In January, the great river of fast moving air known as the ‘Jet Steam’ elected due to circumstance, to push into the north Atlantic Ocean. Not normally an issue, but a contributor to some lousy weather in the British Isles some months later. This year, for some reason, instead of moving on and away, it stayed on station and created weather misery for us all, on these green and pleasant islands, lands that soak up weather fronts from the Atlantic and turn that rain into bright green grass, billions of flowers, and untold hectares of healthy fertile crops.
The extended poor weather resulted in fewer crops of flowers and food for our bees. Many of our hives are showing signs of a serious struggle to grow, to remain stable or to be as productive as they need to be. Our bees need their own stock of honey and of pollen in order to survive the coming winter. Though a warm summers evening with smoke gently drifting lazily through sunlit branches may seem that all is well, it indeed masked the terrible war that was taking place.
Jack, Our Bee Sciences Officer and I cleaned out the tool shed at the apiary two weeks ago and were stunned by the volume of wasps in the shed. We felt certain a nest had to be there, but after cleaning out everything, and after I removed all the sugar and fondant, the wasps slowly stopped returning to the shed to gorge themselves on our carelessly spilled sugar feeds. This week there was little sign of those wasps in the shed. But the war for food was in effect still taking place. Wasps will, like the bees, hunt for any meagre food source. The wasps cannot survive in a healthy hive as the bees kill them and dump them out of the hive. Some of our hives are not so healthy.
I will protect the hive I am referring to by calling her ‘M’. I knew ‘M’ was weak and without her Queen, we had re-Queened her and the bee population was dwindling fast, we fed them sugar in the hopes they would use it to build comb for the queen to lay eggs in. We promised to lay in some comb from another hive, Ian, our Apiary Manager wanted to use a precious comb or two from his good hive. It is a gamble. I did not fully understand everything that was happening, hindsight is a wonderful tool.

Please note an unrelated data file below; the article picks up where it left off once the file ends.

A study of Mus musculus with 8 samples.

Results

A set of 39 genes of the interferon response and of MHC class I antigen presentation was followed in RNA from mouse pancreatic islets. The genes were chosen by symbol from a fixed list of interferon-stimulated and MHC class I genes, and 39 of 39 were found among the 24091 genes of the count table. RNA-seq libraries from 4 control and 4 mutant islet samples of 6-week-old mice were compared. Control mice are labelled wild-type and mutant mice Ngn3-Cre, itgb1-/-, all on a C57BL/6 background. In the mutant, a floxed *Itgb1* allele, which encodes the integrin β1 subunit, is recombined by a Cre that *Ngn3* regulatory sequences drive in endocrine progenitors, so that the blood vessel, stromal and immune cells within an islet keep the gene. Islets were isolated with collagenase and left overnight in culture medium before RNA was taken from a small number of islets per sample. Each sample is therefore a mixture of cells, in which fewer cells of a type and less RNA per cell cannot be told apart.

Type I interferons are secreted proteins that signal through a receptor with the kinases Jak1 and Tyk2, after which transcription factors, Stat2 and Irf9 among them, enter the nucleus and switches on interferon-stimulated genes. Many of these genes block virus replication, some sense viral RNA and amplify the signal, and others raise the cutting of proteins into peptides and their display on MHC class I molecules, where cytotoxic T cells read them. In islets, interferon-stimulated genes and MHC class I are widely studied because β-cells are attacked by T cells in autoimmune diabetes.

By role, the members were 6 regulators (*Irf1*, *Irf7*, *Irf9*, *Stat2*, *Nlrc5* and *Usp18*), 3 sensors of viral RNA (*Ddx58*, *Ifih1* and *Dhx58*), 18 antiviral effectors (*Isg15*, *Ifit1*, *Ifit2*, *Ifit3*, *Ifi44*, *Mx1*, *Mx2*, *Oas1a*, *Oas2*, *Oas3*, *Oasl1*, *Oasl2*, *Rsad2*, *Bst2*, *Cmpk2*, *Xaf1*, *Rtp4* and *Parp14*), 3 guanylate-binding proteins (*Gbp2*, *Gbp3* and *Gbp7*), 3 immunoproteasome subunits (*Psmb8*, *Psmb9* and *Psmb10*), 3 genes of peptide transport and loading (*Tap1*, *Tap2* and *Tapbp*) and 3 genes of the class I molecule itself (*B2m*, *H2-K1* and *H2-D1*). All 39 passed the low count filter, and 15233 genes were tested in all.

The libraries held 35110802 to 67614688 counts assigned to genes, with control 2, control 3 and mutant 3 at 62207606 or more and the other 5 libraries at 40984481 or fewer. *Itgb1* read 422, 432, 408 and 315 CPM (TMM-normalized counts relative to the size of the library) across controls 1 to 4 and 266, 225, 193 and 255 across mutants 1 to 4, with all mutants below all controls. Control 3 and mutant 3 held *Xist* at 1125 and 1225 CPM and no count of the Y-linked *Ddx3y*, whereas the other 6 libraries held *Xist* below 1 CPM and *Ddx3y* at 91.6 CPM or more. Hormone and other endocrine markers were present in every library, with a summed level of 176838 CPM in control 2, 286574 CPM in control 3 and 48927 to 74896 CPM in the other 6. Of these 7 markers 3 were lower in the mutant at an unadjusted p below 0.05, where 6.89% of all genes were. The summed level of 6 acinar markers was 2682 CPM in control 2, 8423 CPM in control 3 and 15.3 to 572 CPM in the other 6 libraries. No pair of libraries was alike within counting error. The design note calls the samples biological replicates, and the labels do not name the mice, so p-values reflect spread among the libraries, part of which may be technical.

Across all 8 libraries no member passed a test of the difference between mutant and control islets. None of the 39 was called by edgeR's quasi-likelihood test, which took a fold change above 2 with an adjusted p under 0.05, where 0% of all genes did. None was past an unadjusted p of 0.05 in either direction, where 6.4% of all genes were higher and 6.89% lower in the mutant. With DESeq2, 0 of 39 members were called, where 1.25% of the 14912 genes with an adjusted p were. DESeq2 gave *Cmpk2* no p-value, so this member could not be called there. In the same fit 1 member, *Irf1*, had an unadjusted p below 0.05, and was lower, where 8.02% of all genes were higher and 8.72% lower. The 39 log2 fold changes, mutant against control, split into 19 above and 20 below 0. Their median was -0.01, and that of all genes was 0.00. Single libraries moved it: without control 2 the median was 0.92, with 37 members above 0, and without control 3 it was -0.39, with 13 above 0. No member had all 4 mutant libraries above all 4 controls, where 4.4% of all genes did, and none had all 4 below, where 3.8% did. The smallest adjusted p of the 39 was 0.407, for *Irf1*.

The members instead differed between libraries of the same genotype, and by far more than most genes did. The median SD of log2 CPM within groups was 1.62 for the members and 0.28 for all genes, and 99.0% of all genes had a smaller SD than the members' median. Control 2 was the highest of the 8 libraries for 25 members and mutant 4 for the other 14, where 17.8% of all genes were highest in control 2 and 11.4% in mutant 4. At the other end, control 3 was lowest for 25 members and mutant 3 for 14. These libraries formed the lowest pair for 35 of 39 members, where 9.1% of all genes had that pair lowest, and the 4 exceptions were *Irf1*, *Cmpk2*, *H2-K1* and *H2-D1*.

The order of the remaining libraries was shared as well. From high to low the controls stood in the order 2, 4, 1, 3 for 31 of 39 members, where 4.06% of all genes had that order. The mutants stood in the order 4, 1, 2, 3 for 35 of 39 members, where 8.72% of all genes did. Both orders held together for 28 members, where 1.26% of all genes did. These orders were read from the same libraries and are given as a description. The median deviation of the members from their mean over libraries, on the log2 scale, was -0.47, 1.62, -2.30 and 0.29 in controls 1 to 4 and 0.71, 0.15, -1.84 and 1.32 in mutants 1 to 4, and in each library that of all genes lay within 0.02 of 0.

In the few days we were away from the apiary, wasps came to the hive and methodically ate their way through the bees and the stocks. The bees could not defend the hive due to their low numbers as the wasps treated it like some fast food drive through. When I inspected the hive I was saddened that there were so few bees, and the Queen was missing. The comb was dry for the most part with very few stores, and the wasps were everywhere. It is the first time I had seen it like this, a new experience. No eggs from the new queen, no larvae, nothing.
Pulling the varroa board to check for mites and other clues to the sadness of the hive alarmed me. I just could not believe what I was looking at. Legs, bee heads, wings, antennae and even the odd abdomen. Not just some, but a lot, an awful lot. I saw what was left of bees that had fought to the death, of bees that had been carved up and packaged for flight, of the war between a few bees in hive ‘M’ and an endless supply of wasps calling in for dinner.
We have reduced the entrance to the smallest hole and re-queened her. Ian has inserted an active frame of brood. We are giving ‘M’ every chance to fight back and recover from the sad and sick war that has been happening in her hive. Bee keeping can be a lot of fun, but it carries a perilous responsibility to maintain control over the pests and difficulties that beset an active hive. The weather has not helped and it can be easy to shrug it off and blame the endless rain, the location or even the wasps, when in reality, the fault does not lie in any of those things. Sure they contributed, but I feel my lack of knowledge and awareness was the biggest single contributor to the damage I found in the hive. If only I had known.